Reporting Pam Zekman
But a donation to the University of Illinois at Chicago is raising questions about why the school has spent more than $600,000 to fix up the house.
Neighbors contacted CBS 2 Investigator Pam Zekman after watching construction crews restore the million dollar historic home that used to be owned by famed surgeon Dr. Olga Jonasson, a University of Illinois graduate and faculty member. Upon her death, the home was donated to the University of Illinois at Chicago.
“The fact that they’re spending this kind of money on a house that’s sitting on Jackson Boulevard, as opposed to on the future of a student, I find reprehensible,” said one concerned neighbor, who lives in the historic district.
The home serves as a residence for Paula Allen-Meares, who must live there under the terms of her $375,000-a-year contract as Chancellor for the Chicago campus. She also hosts fundraisers there, according to UIC spokesman Mark Rosati.
“There was extensive work on virtually everything to do with the house,” Rosati said, noting the house had been vacant for several years.
The costs totaled $625,000, including $175,000 to make the home ADA compliant with an elevator and other requirements.
Asked if that could be considered wasteful spending, Rosati said, “While you’re talking about a lot of costs. These are upfront costs. … We do expect this to be the residence of the chancellor of this institution for decades to come.”
Records obtained by CBS 2 showed some lavish spending.
A high-end decorator furnished the home with over $100,000 worth of furniture. The furniture was selected to be in keeping with the historic look of the house built in 1882.
The choices included a custom-made tufted sofa for $8,124; a double pedestal dining room table for $8,810; an oriental rug for $6,240; and a $522 wedgewood teapot, sugar and creamer set.
Rosati said the furnishings were selected to be in keeping with the historical significance of the house. The tea set and other items, like plates and silverware, were purchased because, over the long term, it will be much less expensive than having to rent them from caterers when hosting formal events for major donors and other guests, according to Rosati.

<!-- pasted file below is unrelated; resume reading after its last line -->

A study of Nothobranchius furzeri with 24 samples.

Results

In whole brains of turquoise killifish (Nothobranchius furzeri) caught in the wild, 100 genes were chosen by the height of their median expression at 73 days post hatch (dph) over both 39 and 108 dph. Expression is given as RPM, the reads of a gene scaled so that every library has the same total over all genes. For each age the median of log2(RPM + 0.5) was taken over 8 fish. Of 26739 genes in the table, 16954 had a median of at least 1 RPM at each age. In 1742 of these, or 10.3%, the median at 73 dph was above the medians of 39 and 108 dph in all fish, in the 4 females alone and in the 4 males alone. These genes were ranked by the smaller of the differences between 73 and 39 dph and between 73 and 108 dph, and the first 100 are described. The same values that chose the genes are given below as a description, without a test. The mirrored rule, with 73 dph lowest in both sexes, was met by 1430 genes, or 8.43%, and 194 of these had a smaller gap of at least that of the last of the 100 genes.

“There is certainly no tuition money in that house and very little state money,” Rosati said. “It’s university money, unrestricted gifts.”
The money spent could have paid one year of tuition and room and board for about 31 students.
“Since it was donated to the school .. I’m pretty sure they were donating it for the students to use,” said Alejandro Bedolla, a UIC freshman. “Not for the personal use of the chancellor who I’m sure can afford their own home.”
“You don’t need to spend $9,000 on a dining room table,” commented another student, Nika Diaz.
So how does it all look? All we could get was one photograph released by the university.
“Cameras can get in to see the White House. Why can’t we get in to see the chancellors house?” Zekman asked Rosati.
He said he would think about it, then later denied a request to video tape inside the Chancellors home.
Before the house was available, previous chancellors got a $24,000-a-year housing allowance.
Rosati said it is common practice for universities to provide housing for chancellors and that it’s a perk the university needs to stay competitive and attract the best talent.
Another perk in Meares contract is a $75,000-a-year salary bonus payable after five years.